9 / Portraits
|Artist / Origin||
Sir Anthony van Dyck (Flemish, 1599–1641)
Period: 1400 CE - 1800 CE
Oil on canvas
|Dimensions||H: 97 in. (246.38 cm.), W: 84 1/8 in. (213.68 cm.)|
|Location||The Frick Collection, New York, NY|
|Credit||Courtesy of the Frick Collection, Henry Clay Frick Bequest|
|Susan SidlauskasAssociate Professor of Art History, Rutgers University|
Barnes, Susan, et al. Van Dyck: A Complete Catalogue of Paintings. London: Paul Mellon Centre, 2003.
Brown, Christopher. Anthony Van Dyck. Rizzoli International, 1999.
Hearn, Karen, ed. Van Dyck in Britain. London: Tate Publishing, 2009.
Piper, David. The English Face, 2nd ed. London: National Portrait Gallery, 2006.
West, Shearer. Portraits. Oxford and New York: Oxford University Press, 2004.
James, Seventh Earl of Derby, His Lady and Child
As a young man in Antwerp, the ambitious and talented Anthony van Dyck trained for a career painting epic histories, dramatic myths, and expressive religious scenes.
However, in the early 1630s, the artist’s career took a different path. Settling in London, van Dyck found himself in high demand by a courtly elite who valued portraiture above other genres of painting and were interested in an alternative to the more iconic style of painting that had flourished in England in the past. Van Dyck was quickly named principal painter to the king and queen. In addition to a house and studio, he received the honor of knighthood and a yearly stipend.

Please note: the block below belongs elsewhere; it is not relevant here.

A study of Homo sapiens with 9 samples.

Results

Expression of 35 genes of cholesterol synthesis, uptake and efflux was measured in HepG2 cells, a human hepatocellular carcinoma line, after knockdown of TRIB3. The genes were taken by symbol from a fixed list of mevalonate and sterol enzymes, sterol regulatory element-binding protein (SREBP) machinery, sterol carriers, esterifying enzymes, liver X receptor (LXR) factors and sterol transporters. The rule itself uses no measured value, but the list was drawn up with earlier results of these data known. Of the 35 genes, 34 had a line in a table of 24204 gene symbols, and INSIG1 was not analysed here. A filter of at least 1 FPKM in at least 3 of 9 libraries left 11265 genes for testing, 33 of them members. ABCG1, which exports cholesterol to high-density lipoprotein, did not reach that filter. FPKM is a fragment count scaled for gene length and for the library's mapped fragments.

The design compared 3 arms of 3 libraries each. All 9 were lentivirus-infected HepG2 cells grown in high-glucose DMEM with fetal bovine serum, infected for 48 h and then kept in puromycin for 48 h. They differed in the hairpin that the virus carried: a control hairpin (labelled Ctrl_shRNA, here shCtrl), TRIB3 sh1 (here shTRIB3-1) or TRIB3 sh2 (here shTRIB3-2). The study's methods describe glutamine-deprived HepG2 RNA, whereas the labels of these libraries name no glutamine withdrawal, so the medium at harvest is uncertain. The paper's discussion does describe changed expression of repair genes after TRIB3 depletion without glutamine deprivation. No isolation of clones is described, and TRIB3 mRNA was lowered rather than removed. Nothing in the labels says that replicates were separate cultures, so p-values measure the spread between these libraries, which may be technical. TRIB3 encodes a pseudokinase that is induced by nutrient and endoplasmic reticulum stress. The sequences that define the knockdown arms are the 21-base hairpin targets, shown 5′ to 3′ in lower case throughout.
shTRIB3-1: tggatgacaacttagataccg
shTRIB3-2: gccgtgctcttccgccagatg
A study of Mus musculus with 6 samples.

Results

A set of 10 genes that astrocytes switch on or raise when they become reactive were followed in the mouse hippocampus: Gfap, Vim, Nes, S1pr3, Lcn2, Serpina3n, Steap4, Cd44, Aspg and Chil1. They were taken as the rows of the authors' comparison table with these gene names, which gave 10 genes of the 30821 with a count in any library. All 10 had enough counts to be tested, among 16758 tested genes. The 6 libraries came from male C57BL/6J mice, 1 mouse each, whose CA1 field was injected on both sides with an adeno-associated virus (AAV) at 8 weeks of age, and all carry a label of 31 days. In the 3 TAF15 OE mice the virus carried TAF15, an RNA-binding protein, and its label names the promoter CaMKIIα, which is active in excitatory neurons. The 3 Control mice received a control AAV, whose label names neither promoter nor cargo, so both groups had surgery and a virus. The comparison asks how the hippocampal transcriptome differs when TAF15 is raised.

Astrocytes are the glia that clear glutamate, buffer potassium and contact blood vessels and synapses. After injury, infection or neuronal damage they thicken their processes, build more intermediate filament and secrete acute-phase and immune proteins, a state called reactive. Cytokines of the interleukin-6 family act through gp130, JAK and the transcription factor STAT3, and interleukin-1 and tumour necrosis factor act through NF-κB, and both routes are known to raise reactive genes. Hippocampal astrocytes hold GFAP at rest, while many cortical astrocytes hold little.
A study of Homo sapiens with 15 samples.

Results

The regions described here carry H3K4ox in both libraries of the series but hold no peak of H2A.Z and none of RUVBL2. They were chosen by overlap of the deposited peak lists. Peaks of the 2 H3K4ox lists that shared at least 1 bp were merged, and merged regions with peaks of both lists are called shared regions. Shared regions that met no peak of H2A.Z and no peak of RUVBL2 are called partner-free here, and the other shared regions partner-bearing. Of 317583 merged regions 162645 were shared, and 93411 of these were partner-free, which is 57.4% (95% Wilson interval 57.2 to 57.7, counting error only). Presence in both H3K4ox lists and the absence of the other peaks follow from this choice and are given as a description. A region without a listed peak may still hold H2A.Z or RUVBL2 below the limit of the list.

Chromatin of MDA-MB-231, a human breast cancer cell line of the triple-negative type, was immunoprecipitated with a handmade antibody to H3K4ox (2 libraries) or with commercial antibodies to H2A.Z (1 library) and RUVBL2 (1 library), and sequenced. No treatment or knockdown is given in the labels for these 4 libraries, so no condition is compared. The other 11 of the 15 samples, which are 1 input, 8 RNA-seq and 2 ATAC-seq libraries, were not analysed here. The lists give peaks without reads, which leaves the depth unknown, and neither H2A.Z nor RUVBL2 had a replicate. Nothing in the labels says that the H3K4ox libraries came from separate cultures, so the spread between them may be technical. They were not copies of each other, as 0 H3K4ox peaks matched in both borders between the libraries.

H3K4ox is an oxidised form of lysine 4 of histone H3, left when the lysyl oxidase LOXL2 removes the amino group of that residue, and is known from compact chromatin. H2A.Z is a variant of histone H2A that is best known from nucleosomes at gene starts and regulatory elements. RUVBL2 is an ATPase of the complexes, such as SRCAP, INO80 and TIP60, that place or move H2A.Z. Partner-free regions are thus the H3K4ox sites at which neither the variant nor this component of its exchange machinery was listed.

In his portraits, van Dyck offered the English royalty and aristocracy not just a sophisticated illusion of forms and textures, but also an image of timeless elegance and almost divine grace. We see all of these elements in the family group shown here. At center is the young daughter of the Earl and Countess of Derby. Her parents stand on either side. To the left, Charlotte de la Trémoille (1599–1664), Countess of Derby, appears dressed in a silvery gown. To the right is her husband, James Stanley, Seventh Earl of Derby (1607–51). With the exception of his white collar and shirt cuff, Stanley is outfitted from head to toe in black. The shimmering satin of the countess’s dress and the soft velvety black cape worn by the earl are so convincing as to invite touch as well as sight.
The status of the figures in the group portrait is expressed not only through the rich garments they wear, but also through their accessories, gestures, and carriage, features that also speak to their less tangible virtues. While the sword hilt visible by the earl’s side proclaims his nobility, the flowers held by the countess suggest her fertility and beauty. Both signs hint at the couple’s adherence to ideal gender roles of the period as does their body language. Mother and daughter both strike poses of modesty and containment, while Stanley—feet apart, upper body twisting, and hand pointing—is given a more active role.
Although it has been suggested that the earl gestures to the Isle of Man, over which the Derby family held sovereignty, the backdrop here is typical of van Dyck portraits. Landscape and background props are, moreover, not the only formulaic aspect of this image. At the cliquish court of Charles I and Henrietta Maria, a portrait by van Dyck was a status symbol of sorts. The repetition of poses, fashions, and accoutrements in the artist’s English oeuvre attest to the faddish nature of the portraits he turned out as well as to their efficacy in meeting the needs of their patrons. The voracious demand for van Dyck’s work led him to establish a workshop system that has been likened to a production line. In less than eight years, Anthony van Dyck’s London studio turned out an estimated 400 portraits.